September has always been a busy month in the beauty social calendar, and after the coronavirus-induced hiatus, things are starting to pick up again.
FIT held an in-person cocktail party for advisory board members of the master’s and bachelor’s degree programs in cosmetics and fragrance marketing and management. Attendees included Robin Burns, Wendy Liebmann, Linda Levy, David Greenberg, Jean Zimmerman, Nicolas Mirzayantz, Dionisio Ferenc and Jerry Vittoria. No wonder fragrance was heavily represented: FIT’s Virginia Bonofiglio and Stephan Kanlian will be the honorees at the 2021 Fragrance Foundation Circle of Champions awards to be held in November. That award is only fitting, said Dr. Joyce Brown, president of the FIT, noting that Leonard A. Lauder was the first recipient of the award in 2000.
As for the connection? During the pandemic, Lauder reached out to Brown to help provide funds for students unable to participate in the programs due to financial constraints. “We are currently finalizing an agreement with the Lauder family to establish a $1 million endowed scholarship in Leonard’s name for our undergraduate cosmetics and fragrance marketing program,” Brown announced.
In all, it was a busy week for Lauder. He was also honored with the inaugural Legacy Award at the BeautyCares Dream Ball, which also honored Esi Eggleston-Bracey, chief operating officer and executive vice president of Unilever North America with the passionate leader award. Although the event was held virtually, Lauder’s devotion for the cause crackled through the screen. “We had several friends who were surgeons, and they said when a woman had surgery and she didn’t know if she was going to live — if she woke up and asked for a lipstick, they knew she was going to live. From that time on, we knew if a woman had an issue, if she looked better, she felt better. And if she felt better, she lived,” he said.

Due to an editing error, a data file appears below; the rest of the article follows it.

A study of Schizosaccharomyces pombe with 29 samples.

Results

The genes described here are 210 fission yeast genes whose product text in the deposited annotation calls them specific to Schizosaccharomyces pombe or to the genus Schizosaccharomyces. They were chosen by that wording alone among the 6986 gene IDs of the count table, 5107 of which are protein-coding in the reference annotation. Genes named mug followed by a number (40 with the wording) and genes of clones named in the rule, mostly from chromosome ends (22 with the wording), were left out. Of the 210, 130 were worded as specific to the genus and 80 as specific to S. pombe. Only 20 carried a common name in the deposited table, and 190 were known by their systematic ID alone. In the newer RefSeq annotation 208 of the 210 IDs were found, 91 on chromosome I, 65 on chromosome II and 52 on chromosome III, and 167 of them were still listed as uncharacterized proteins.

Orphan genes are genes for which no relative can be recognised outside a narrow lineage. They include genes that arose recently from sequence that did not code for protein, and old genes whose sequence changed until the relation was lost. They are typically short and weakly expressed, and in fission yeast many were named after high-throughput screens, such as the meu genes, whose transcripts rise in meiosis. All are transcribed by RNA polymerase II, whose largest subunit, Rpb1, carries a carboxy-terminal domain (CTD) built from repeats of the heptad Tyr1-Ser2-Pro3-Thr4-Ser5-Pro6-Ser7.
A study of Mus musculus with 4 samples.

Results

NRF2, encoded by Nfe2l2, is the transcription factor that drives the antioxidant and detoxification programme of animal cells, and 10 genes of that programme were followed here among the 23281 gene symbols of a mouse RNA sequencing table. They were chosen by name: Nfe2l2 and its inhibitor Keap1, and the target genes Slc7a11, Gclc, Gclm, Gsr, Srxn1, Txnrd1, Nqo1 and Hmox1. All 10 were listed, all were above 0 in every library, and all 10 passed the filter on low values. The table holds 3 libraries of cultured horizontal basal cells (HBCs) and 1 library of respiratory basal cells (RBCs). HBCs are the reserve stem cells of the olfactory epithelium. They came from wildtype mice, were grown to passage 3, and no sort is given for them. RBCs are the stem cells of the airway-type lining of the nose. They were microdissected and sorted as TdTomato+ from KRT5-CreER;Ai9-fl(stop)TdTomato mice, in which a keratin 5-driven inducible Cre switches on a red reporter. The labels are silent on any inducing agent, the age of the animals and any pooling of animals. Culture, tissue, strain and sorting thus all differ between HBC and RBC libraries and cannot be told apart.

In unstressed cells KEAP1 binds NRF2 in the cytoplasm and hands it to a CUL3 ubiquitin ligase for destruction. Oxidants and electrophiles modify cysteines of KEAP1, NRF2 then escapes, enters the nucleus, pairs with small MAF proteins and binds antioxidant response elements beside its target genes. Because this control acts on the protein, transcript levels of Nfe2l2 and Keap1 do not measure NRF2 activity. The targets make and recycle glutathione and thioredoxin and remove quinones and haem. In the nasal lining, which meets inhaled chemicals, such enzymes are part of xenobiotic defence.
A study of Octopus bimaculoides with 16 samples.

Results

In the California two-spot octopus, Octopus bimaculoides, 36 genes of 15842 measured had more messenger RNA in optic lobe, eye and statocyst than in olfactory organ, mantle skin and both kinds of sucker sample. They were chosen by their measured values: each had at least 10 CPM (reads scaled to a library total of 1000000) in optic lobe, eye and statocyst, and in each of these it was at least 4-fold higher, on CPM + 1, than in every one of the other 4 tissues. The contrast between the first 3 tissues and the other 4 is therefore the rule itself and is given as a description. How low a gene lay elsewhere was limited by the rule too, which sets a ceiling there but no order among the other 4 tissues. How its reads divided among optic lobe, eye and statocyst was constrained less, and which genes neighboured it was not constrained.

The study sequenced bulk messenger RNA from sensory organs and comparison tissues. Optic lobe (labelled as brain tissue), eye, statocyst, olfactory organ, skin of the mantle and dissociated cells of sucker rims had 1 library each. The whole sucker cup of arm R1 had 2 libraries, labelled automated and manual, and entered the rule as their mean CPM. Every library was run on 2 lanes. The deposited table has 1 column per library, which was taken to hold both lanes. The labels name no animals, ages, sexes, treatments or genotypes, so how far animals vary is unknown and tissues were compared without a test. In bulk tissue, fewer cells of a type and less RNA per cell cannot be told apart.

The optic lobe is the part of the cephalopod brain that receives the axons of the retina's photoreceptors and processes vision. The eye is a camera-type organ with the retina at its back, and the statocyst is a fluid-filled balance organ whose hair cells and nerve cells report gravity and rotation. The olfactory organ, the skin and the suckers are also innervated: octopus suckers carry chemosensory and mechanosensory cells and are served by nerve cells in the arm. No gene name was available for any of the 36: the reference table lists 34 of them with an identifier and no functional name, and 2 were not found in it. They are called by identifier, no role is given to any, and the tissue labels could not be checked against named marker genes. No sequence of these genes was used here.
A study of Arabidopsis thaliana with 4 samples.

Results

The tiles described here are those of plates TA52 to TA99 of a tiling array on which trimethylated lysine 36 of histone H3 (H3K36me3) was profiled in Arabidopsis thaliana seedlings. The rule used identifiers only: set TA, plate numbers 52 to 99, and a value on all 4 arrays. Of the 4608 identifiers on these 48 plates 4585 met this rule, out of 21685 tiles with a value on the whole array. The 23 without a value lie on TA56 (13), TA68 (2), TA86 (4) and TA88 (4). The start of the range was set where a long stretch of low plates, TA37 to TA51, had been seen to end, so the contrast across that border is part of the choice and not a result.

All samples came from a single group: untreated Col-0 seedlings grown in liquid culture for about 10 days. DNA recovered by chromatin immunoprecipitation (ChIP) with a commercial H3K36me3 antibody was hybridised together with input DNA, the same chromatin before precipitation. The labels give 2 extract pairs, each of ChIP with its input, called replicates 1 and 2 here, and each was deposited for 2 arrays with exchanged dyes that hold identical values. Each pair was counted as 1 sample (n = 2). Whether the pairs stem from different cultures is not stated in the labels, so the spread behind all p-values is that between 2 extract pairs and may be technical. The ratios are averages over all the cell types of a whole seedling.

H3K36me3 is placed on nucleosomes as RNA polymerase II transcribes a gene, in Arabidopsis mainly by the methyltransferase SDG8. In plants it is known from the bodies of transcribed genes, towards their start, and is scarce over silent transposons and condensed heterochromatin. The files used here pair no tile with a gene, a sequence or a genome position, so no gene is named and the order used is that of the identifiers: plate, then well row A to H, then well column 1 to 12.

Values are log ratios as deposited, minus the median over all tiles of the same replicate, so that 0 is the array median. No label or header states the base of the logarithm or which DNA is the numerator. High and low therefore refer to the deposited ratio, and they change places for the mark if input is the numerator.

Bracey, too, doubled down on the purpose of beauty in consumer’s lives. “I believe deeply that what we do matters,” she said. “It matters for the wellbeing of people, for communities and for the planet that we live on. It’s for people who haven’t always had a voice, and there are many who have it. I’m inspired by the definition of beauty that is beauty is the illumination of our soul. When you feel beautiful, you feel seen, you feel confident, you feel empowered.”
In all, the event raised more than $900,000 for Look Good Feel Better.